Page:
Graduating senior named inaugural winner of McKay Award
The late Dr. Cavendish McKay covered some complex and not very intuitive topics during his Quantum Mechanics II course.
Matthew Chih '20 (Worthington, Ohio) was in McKay's final class in Spring 2019.
"I was going to his office for help just about every other day, but he was always eager to help despite him knowing he would need to spend an hour with me to reach even the slightest breakthrough," Chih said. "As the semester progressed, I found myself on occasion trying to come up with any question whatsoever so that I could go visit him, which is very unlike the quiet, introverted person most people know me as. He was a terrific conversationalist who could talk about any topic in length and had wonderful insights to share. By the end of that semester, he was a great friend to me."
McKay, who taught at Marietta College for 12 years, passed away unexpectedly on June 11, 2019 - about a month after the spring semester had concluded. In the fall, family and friends established the Dr. Cavendish Q. McKay Award to honor his contributions to the program and to promote scholarship in physics at the College.
Chih, who graduated from the College Sunday, is the recipient of the first award, which is given to the outstanding graduating student in physics as determined by the Physics Department faculty.
"Throughout his four years as a physics major and astronomy minor at Marietta College, Matt has been a consistently high performer and we look forward to seeing what he does next," said Dr. Ann Bragg, Associated Professor of Physics.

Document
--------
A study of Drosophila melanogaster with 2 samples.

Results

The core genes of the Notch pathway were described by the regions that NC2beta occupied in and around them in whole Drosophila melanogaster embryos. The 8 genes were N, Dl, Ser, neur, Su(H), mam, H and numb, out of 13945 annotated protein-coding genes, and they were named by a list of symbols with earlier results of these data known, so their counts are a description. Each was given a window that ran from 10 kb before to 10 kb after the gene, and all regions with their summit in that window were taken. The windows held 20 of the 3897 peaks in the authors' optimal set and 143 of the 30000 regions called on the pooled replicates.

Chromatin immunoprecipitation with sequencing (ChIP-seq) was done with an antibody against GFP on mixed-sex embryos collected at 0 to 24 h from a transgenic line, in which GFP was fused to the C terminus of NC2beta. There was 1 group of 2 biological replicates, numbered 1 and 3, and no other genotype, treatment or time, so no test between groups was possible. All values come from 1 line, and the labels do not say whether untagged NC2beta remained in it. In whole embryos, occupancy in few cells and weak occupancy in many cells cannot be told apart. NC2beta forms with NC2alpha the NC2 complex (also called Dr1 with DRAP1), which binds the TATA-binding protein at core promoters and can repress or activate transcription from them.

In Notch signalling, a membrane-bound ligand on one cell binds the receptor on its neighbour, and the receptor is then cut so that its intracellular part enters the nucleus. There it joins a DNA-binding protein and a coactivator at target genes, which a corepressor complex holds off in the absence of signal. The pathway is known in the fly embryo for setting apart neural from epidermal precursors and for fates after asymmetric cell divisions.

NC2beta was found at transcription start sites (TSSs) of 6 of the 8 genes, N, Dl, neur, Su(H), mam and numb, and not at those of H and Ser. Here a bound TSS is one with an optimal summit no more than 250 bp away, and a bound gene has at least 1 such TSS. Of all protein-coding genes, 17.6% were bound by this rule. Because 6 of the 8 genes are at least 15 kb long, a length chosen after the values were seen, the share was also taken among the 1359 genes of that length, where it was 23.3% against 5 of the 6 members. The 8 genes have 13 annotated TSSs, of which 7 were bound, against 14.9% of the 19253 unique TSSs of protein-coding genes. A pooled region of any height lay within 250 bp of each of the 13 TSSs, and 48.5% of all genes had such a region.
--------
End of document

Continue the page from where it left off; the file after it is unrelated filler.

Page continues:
Chih had an opportunity to participate in the Boulder Solar Alliance REU Program last summer and his capstone research has been a continuation of the project he worked on there.
"He and his adviser from Boulder are working on developing a new, faster method to detect solar flares," Bragg said. "Solar flare forecasting is important because flares can have many negative consequences for human technology if they hit the Earth; knowing about them sooner can help us mitigate their effects."
Chih presented his work at the American Geophysical Union's national conference last December.
"It is a great honor to have been selected by the Physics Department to receive the inaugural Cavendish Q. McKay Award," he said. "Though, it must be known that the support of my close friends and fellow Physics graduates, who I have shared many memories with over the past years, made a tremendous impact on me and had an integral role in helping me get to this point. All of the Physics professors and staff challenged me to push myself and provided support when I would start to have doubts, which I have been greatly appreciative of."